A few pints after work around Liverpool Street and a stroll from Bishopsgate to Whitechapel, you could quite unwittingly stumble through ‘Alphabet’ street and be overcome by childhood nostalgia.
Occasional lights appear in windows of the terraced housing above the mishmash of signs of the local shops whose shutters are down for the evening. But rather than fading into sleeply night-time, the street is alive with colour, the once grey shutters sprayed over with lower-case alphabet letters in all sizes and colours. The street adopts a rather vivid cartoon-like quality; the typography may be out of context and more at home in a young child’s reading book but there is a feeling of finesse and style that makes the work of the artist, Ben Eine, specifically distinctive.
His star has risen speedily since his early multiple arrests for vandalising property. President Obama was given an Eine painting as a gift from Samantha Cameron in the last month; the prime minitster’s wife a bizzare benefactor of this ‘hoodie art’ (as so called by the Daily Mail) particularly given her husband’s predisposition towards ‘hoodies’.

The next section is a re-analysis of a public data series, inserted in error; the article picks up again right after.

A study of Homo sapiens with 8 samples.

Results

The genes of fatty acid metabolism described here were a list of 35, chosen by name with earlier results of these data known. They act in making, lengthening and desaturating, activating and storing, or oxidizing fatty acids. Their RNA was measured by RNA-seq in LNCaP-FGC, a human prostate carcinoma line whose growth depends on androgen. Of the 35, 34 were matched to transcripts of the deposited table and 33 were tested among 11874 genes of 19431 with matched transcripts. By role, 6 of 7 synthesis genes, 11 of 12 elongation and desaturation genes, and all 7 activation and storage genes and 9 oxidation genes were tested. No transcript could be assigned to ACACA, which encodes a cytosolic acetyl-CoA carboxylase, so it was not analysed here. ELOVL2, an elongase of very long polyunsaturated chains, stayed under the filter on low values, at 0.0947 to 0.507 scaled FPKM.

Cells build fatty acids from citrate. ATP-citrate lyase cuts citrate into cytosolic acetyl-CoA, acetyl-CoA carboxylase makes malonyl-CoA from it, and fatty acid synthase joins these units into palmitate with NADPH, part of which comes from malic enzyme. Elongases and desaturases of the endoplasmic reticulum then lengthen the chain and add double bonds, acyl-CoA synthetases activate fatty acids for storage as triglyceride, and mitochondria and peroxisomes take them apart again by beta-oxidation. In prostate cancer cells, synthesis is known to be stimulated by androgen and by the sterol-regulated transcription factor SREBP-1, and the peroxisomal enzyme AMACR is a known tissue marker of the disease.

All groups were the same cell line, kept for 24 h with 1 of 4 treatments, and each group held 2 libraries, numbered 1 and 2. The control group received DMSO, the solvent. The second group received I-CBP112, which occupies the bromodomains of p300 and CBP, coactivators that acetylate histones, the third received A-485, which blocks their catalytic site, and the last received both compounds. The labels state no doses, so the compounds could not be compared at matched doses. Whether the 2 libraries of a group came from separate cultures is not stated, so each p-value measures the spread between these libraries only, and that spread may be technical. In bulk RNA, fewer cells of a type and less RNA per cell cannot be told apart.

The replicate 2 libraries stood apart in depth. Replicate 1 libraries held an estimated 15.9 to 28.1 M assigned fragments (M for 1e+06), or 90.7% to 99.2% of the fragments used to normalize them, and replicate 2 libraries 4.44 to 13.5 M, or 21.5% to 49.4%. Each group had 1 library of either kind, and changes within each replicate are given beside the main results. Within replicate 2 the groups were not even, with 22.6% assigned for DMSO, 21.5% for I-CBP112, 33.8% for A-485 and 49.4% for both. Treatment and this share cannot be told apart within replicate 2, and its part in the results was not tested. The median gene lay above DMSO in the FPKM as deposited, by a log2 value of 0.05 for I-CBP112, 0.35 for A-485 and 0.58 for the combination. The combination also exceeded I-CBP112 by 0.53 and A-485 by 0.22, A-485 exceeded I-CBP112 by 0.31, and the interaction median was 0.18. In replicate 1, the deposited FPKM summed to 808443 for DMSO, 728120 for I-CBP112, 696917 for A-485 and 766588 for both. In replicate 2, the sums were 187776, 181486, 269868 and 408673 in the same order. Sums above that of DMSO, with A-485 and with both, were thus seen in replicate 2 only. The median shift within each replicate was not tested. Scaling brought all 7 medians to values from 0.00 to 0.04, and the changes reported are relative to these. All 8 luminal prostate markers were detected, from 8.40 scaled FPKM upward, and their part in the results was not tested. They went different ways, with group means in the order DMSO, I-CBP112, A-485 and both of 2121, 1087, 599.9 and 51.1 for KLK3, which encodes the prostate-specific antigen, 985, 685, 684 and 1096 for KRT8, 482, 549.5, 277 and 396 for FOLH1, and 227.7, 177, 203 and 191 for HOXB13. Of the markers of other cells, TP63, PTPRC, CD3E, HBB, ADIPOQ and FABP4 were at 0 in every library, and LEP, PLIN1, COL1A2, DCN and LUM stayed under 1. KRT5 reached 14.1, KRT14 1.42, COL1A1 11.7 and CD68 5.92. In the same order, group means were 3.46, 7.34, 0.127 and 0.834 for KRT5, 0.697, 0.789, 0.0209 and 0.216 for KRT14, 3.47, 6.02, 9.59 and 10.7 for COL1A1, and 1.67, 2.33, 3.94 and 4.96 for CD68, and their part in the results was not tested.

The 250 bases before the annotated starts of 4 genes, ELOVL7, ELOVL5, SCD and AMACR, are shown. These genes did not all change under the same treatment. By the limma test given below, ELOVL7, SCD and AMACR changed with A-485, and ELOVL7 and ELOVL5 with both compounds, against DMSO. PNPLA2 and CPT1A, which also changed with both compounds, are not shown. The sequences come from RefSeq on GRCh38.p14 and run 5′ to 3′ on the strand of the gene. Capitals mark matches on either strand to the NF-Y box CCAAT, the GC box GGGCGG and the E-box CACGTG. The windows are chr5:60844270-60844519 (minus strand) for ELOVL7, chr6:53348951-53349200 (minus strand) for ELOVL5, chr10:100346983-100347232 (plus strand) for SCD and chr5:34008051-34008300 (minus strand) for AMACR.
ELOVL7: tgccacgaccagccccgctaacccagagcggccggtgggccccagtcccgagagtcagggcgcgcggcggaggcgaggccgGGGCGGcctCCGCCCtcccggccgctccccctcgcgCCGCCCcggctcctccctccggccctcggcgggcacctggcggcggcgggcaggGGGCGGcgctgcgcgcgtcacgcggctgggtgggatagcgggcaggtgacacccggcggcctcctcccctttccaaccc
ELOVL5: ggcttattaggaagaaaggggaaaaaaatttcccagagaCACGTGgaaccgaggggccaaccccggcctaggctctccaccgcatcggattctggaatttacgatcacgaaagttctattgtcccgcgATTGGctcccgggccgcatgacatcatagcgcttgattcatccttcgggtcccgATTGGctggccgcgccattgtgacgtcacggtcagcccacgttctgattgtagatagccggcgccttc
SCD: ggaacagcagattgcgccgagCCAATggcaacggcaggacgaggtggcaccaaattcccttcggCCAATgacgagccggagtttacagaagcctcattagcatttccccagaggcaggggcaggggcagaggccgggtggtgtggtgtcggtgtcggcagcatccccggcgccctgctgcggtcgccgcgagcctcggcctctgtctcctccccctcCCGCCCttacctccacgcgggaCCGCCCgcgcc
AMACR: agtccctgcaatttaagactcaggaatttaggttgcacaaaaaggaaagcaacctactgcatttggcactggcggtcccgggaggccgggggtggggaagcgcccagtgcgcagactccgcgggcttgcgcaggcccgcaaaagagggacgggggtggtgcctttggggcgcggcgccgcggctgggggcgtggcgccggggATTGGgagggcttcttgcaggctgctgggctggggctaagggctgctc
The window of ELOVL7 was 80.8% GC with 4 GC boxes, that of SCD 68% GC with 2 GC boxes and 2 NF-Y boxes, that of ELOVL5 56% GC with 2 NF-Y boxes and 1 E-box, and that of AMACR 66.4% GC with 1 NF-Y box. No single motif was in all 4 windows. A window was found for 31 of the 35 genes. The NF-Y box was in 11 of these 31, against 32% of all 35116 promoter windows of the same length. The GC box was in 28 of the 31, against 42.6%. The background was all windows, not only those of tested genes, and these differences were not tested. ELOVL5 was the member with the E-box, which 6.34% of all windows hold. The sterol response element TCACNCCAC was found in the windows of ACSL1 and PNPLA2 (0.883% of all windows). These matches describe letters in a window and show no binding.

The work is not the run-up-in-the-middle-of-the-night-and-spray-over-a-stencil-graffiti to which many Londoners are accustomed. The process of obtaining permission from the council and working with the local shops took around a year, the letters themselves about an hour each. The result of this random project? A set of happy shopkeepers and excited passers by; a refreshing breath of creative air next to the imposing city skyscrapers.
Eine’s website shows a personal affinity with the warm, cuddly fairytale programmes of the past and is even a little disconcerting – what with the assorted Care Bears and My Little Ponies jumping out on each page. He is an artist perpetually trying to recreate the delight associated with early childhood and it seems to hold some bearing judging by squeals of delight or smiles seen on the faces of passers by. He’s not just about letters though – some of his more stylised work, canvasses and screen prints can be seen in his website’s gallery. A few of these have light socio-political irony in the vein of one of his old friends, Banksy.
I’d also recommend having a look at artofthestate.co.uk, which is where I first discovered Eine’s alphabet. It provides an excellent collection of urban photography spanning both graffiti and architecture and covers a range of London artists.